Also, the big tiles quickly eat up screen real estate (about four fit), so you don't get the compact access to apps that all the other major mobile operating systems provide. I bet this will depress app sales for those poor souls unlucky enough to get seduced by the Microsoft brand or the inevitable discounts at the cellular stores as the carriers try to dump these devices in January 2011 for $25 (shades of the unlamented Kin).
Plus, Microsoft has done its usual trick of gumming up the UI, even though this one is relatively simple. There are two ways to navigate through tiles: in panorama mode and in pivot mode. In both cases, the tile continues to the right, and you swipe to see more. In panorama mode, cut-off text on the right indicates there's more (at Mobile Beat, a developer asked if users knew what that cut-off text was for, and the Microsoft rep essentially admitted they didn't get it was a way to say "more"). In pivot mode, each tile is self-contained, and there is an icon to indicate there is more. It's a subtle difference: Using a panorama basically means the tile continues because it won't fit on screen, while using a pivot means you have a series of what are essentially pages. I bet developers and users will get confused very fast.
Visions of Vista's litter of control panel dialog boxes, Microsoft Bob, the Office ribbon, Clippy, and Windows 3 flew through my head -- not that Windows Phone 7 looks like any of these; it just shares the same flaw of being obtuse.
Once you get past the basic UI, the various apps that Microsoft is showing are not at all encouraging. They have little style and feel very basic. Microsoft has just released a beta SDK for its mobile Silverlight tools, so developers can only now start investigating Windows Phone 7's capabilities. (As InfoWorld's Paul Krill has reported, developers seem tepid about the SDK, too.) Although that might explain the lack of compelling examples from third parties, it doesn't explain the DOS-ness of the Microsoft mail client, which reminded me so much of my green-screen days on VAX. The maps app also had a strong clunkiness to it, both visually (the overly thick borders on things) and operationally (panning and zooming caused a lot of awkward screen redraws).
If the Windows Phone 7's flaws were confined to a poor UI, that wouldn't be a deal-killer for many users. After all, most people run Windows, whose UI has rarely gained acclaim but is generally serviceable once you get the hang of it.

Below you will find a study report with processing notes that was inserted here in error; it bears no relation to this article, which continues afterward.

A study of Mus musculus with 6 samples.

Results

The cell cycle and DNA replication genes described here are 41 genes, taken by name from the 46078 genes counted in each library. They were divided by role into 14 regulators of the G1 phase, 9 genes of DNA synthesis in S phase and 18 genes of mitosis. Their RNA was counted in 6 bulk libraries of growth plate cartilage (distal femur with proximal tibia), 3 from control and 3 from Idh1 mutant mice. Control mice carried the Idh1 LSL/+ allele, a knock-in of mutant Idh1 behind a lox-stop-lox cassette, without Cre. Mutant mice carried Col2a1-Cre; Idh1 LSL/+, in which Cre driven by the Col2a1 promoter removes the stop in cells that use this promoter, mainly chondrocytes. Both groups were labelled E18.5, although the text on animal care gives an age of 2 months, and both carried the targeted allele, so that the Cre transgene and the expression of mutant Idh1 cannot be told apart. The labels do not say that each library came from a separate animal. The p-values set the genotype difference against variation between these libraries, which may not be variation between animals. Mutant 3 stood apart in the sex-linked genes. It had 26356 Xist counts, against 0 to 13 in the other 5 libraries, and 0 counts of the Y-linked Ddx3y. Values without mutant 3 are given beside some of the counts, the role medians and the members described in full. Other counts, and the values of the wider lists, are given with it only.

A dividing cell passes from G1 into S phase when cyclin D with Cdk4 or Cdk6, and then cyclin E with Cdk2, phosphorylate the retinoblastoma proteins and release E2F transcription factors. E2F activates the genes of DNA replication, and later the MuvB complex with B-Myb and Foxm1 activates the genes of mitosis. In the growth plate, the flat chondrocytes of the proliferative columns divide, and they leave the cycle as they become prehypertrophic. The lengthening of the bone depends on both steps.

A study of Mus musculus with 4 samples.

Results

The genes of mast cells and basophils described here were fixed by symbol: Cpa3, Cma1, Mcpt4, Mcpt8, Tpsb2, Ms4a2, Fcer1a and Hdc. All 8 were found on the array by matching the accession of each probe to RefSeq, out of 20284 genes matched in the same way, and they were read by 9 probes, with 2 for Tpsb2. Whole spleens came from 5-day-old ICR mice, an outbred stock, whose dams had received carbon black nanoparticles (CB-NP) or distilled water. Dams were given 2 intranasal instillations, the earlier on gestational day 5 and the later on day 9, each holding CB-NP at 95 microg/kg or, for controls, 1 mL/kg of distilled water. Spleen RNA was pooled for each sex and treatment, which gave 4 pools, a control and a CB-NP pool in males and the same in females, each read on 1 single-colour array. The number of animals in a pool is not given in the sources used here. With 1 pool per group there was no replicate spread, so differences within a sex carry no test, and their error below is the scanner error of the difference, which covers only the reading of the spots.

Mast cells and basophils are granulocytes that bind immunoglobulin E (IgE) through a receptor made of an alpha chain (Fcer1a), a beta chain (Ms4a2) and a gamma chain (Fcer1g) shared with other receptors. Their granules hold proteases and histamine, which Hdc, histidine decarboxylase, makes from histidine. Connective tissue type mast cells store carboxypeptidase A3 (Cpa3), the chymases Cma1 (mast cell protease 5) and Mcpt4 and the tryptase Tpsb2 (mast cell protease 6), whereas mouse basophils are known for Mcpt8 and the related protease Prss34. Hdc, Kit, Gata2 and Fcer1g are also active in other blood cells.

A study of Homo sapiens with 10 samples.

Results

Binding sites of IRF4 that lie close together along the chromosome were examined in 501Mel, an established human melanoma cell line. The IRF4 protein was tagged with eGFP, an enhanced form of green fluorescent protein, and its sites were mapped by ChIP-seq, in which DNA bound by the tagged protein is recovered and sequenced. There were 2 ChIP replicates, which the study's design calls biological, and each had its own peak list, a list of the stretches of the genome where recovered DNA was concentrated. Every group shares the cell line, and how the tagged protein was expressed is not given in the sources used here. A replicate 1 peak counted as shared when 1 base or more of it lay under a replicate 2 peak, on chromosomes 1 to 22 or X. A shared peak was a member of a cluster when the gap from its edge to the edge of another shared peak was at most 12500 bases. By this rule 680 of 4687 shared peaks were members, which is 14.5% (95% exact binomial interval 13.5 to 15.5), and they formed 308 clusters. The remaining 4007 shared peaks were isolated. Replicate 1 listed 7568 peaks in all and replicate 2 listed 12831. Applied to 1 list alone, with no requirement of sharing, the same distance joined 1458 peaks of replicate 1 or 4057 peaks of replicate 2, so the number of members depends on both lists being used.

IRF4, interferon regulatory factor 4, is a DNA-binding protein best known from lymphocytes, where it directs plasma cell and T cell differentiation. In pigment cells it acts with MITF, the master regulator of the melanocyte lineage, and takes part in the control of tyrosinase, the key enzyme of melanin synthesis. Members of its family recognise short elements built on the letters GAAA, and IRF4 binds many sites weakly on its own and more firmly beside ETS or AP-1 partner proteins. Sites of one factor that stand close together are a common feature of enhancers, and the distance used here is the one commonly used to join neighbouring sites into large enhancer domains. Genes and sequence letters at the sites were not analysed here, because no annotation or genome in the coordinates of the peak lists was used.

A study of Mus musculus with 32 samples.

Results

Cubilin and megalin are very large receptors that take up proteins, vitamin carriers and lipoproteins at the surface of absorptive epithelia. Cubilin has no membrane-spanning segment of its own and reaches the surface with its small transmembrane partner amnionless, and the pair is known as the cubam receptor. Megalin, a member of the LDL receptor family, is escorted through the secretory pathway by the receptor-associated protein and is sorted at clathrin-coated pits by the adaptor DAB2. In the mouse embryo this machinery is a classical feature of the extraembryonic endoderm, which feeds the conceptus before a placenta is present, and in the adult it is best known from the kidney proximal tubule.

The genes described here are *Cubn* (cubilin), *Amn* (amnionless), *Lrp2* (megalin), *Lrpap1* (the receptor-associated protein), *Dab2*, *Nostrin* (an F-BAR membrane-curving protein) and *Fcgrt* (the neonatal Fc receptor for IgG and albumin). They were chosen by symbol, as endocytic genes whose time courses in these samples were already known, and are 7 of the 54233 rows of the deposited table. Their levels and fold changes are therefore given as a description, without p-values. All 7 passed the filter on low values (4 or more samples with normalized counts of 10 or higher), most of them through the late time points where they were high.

Inexcusably old technology limits Windows Phone 7
But under the hood, Windows Phone 7 gets worse. The core problem is its backward set of technologies, which will fundamentally limit IT, developers, and users alike. Here are some of the more egregious examples of Windows Phone 7's time warp:
- Its browser is Internet Explorer 7, with some IE8 capabilities added -- that means it does not support HTML5, as the iPhone, Android, WebOS, and Nokia Symbian all do. Didn't anyone on the Windows Phone 7 team know about IE9 and its embrace of HTML5? Why isn't Windows Phone 7 using IE9?
- It does not support multitasking except for Microsoft's own first-party apps, meaning the browser, email client, SMS client, and other such preinstalled applications. When you switch applications, they shut down -- just like the iPhone did until iOS 4 was released this spring. Android and WebOS, of course, supported multitasking more than a year ago, and Google and Palm mercilessly attacked Apple for not supporting it as well. Yet Microsoft didn't build multitasking into Windows Phone 7 at the outset?
- This lack of multitasking also means there's no such concept as interapplication communication for third-party apps, not even for a primitive work-around such as the iPhone OS 3.2's "Open In" feature. Thus, apps can't work together à la in WebOS -- even though the UI that Microsoft has shown off seemed designed to do just that. The only thing that Windows Phone 7 will do is let third-party apps call first-party apps, so clicking a URL in a text message will launch the first-party IE browser to show the URL. Of course, doing so closes the app that had the text link in it. (First-party apps can call other first-party apps, and these would all continue to run in parallel.)
- It doesn't support copy and paste. Here again Apple was a much-criticized laggard, supporting the capability only in summer 2009. Microsoft says it didn't have time to get this feature in for the first release (!) but will have it in a future version. Too bad there's not likely to be a future for it. And how could Microsoft not have copy and paste working in Windows Phone 7? After all, it had copy and paste in Windows Mobile 6.1.
No chance of a come-from-behind victory this time
Microsoft has not only just made an imperfect copy of an old iPhone, it has not kept up with the current mobile OS crop nor moved ahead of any of them. I can't tell you how much Windows Phone 7 feels like the early 1990s' Windows 3.1, a clunky attempt to copy that era's Apple System 7. In the case of Windows versus Mac, Microsoft kept plugging away and ultimately shipped Windows 95, which drew close enough to Apple's Mac OS to end the competition. The same thing happened with the Internet and the battle between Internet Explorer and Netscape, which the company first ignored and then made a successful mad scramble on.